My cell phone, an original Google Pixel, has been slowly dying for almost a year. It started last September when I noticed the battery seemed to drain quickly. I’m sure the battery isn’t its best after all these years, but later I came to suspect some kind of software issue too, because the charge would jump from something like 72% to 59% in just a few minutes of sitting around unused.
The thing is, I really like that phone, and I hate having to replace electronics. I reluctantly researched new phone options, but kept babying my Pixel along, delaying the inevitable. Recently, though, it started dying on my long bike rides and refusing to turn on until I plugged it in. That isn’t just inconvenient; I rely on a working phone in case of serious emergencies out on the road.
After my phone made a habit of dying on my rides, I finally bit the bullet and decided to order a Pixel 4a. The price was right, it got decent reviews, and it isn’t too big. (My greatest cell phone irritation is devices designed for big guy hands.) Except when I looked, in mid-July, they were completely unavailable in the Google Store. Couldn’t buy a Pixel 5, either.
I compromised. I found a third-party seller online offering a new, in-the-box Pixel 3 for $150 and I decided that would be good enough. I don’t care much about having the latest, coolest thing; I just want something that will work reliably. So I ordered the Pixel 3.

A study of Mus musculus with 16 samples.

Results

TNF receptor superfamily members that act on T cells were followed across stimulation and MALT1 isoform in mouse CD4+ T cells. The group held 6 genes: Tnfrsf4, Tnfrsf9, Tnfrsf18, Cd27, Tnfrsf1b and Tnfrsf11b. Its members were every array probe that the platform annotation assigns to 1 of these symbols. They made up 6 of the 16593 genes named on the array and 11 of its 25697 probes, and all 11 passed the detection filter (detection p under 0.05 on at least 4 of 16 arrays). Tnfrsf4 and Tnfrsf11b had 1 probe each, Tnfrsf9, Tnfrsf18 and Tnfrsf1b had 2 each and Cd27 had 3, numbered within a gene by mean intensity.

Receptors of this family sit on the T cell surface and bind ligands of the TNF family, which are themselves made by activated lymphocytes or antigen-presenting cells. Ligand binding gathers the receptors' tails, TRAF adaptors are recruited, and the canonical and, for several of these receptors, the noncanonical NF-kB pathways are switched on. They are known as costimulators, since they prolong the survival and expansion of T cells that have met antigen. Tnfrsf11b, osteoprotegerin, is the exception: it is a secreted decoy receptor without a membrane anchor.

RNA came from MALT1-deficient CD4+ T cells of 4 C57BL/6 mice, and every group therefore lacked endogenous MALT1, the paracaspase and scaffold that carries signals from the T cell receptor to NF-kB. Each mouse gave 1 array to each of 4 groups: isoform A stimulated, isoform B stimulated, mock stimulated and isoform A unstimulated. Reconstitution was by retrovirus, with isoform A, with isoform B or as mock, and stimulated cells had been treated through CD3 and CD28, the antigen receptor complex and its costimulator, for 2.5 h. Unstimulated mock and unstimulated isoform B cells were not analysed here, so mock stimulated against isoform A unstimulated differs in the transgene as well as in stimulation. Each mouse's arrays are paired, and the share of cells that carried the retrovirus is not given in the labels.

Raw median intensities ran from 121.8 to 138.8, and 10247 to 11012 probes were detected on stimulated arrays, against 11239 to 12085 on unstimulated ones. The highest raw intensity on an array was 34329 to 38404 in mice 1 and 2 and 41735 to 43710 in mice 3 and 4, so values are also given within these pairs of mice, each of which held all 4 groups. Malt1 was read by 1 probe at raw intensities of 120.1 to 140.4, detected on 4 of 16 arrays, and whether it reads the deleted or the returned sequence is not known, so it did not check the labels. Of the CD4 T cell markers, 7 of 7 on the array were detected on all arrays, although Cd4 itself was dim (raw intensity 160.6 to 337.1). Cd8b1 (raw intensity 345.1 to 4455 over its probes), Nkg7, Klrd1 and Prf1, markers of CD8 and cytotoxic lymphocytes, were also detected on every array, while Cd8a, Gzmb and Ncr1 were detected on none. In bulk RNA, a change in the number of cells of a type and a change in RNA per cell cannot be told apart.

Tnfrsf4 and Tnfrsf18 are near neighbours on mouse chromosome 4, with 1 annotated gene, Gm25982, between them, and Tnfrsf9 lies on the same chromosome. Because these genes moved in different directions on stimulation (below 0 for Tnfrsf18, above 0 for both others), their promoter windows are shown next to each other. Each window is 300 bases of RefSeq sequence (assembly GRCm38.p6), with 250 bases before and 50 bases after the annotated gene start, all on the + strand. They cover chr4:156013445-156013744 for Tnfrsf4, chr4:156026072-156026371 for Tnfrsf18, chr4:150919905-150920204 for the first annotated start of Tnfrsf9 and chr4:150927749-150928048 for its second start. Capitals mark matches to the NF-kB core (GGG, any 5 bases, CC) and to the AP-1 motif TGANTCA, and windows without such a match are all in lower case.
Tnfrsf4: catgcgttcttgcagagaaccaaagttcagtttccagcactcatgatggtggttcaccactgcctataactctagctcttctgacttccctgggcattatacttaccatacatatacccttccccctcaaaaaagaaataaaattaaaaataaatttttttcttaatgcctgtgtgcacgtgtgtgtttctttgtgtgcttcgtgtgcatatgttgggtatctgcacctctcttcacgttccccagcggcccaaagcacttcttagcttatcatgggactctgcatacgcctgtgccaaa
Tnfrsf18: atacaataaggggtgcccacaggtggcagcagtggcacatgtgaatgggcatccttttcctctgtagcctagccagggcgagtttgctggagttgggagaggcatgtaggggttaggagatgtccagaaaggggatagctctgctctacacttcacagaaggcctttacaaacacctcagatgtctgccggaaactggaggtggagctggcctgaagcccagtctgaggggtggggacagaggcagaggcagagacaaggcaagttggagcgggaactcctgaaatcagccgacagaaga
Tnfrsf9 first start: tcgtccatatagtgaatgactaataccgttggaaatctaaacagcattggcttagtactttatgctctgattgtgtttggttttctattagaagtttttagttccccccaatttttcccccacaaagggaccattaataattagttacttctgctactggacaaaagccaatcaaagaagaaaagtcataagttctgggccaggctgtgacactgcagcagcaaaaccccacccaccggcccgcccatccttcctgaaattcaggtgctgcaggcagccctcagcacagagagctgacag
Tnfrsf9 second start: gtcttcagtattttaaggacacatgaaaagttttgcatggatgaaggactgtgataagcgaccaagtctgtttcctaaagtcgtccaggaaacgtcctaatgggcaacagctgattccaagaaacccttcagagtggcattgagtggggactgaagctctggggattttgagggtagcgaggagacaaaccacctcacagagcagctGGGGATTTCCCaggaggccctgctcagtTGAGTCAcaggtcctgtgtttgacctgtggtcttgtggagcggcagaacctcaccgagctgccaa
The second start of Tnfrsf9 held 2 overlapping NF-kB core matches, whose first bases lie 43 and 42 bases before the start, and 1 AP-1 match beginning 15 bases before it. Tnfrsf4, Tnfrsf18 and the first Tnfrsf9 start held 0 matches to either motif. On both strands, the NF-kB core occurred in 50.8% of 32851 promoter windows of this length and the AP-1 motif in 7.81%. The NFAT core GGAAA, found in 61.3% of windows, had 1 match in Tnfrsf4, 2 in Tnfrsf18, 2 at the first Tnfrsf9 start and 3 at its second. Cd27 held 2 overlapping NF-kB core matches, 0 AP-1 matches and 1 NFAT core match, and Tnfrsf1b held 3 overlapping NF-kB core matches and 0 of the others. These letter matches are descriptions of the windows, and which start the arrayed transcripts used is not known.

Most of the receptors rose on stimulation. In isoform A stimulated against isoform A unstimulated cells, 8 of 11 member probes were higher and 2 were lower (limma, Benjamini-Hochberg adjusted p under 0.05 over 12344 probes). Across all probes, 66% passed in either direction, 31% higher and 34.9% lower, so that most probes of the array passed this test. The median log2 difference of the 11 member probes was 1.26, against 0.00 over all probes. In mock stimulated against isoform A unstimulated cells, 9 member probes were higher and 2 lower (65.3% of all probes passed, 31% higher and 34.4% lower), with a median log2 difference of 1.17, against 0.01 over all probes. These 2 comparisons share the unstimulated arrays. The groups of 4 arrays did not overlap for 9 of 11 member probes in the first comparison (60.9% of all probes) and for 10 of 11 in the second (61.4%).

It arrived on July 23. Or, rather, a package from that company arrived. Instead of containing my phone, I opened the box to find camera film (!) and various random art supplies, along with a packing slip addressed to a guy in Colorado.
I contacted the company, but it was the weekend, so they eventually replied early the following week. They sent me a return label. I asked when I’d get my phone. They said: Mail the package back to us. We’ll take two days to review the contents. Then we’ll take up to three days to send your phone. And we aren’t rushing the shipping, either.
Needless to say, I didn’t find this customer service experience particularly satisfying, but they had me over a barrel. I mailed the box back to them and waited. Silence. My Pixel declined more and more rapidly. Time passed. Silence. More time passed. More silence.
Then my Pixel died for good. It shut off and declined to turn on, despite being plugged in. Nothing we did would resurrect it; any pictures I hadn’t backed up, or any other files or such, are gone. It’s truly dead. And, despite having ordered a replacement weeks before, it still hadn’t arrived.
Finally, on August 7, I emailed them: Where’s my phone? I really need it. At the same time, the night we determined that my Pixel had given up the ghost, I checked the Google Store. Lo and behold, I could acquire a new Pixel 4a there now! I immediately pounced on that opportunity and ordered one.
In the meantime, I resurrected my 2013 Moto X (still one of my favorite phones ever) and it actually came back surprisingly well — at least, well enough for me to make an emergency phone call. Which is really the ultimate point.
The next day, the Pixel 3 arrived. The company had never sent a tracking number or anything. It just appeared.
Then, yesterday, my Pixel 4a arrived. I immediately set it up while allegedly attending a work meeting.
So now I have an embarrassment of riches in the “slightly older model cell phone” department. I’m not sure what to do with the Pixel 3, but I guarantee whatever I do won’t involve the original seller. That was the worst customer experience I’ve had in years.
At least I now have a working phone, which I hope will last a good long time.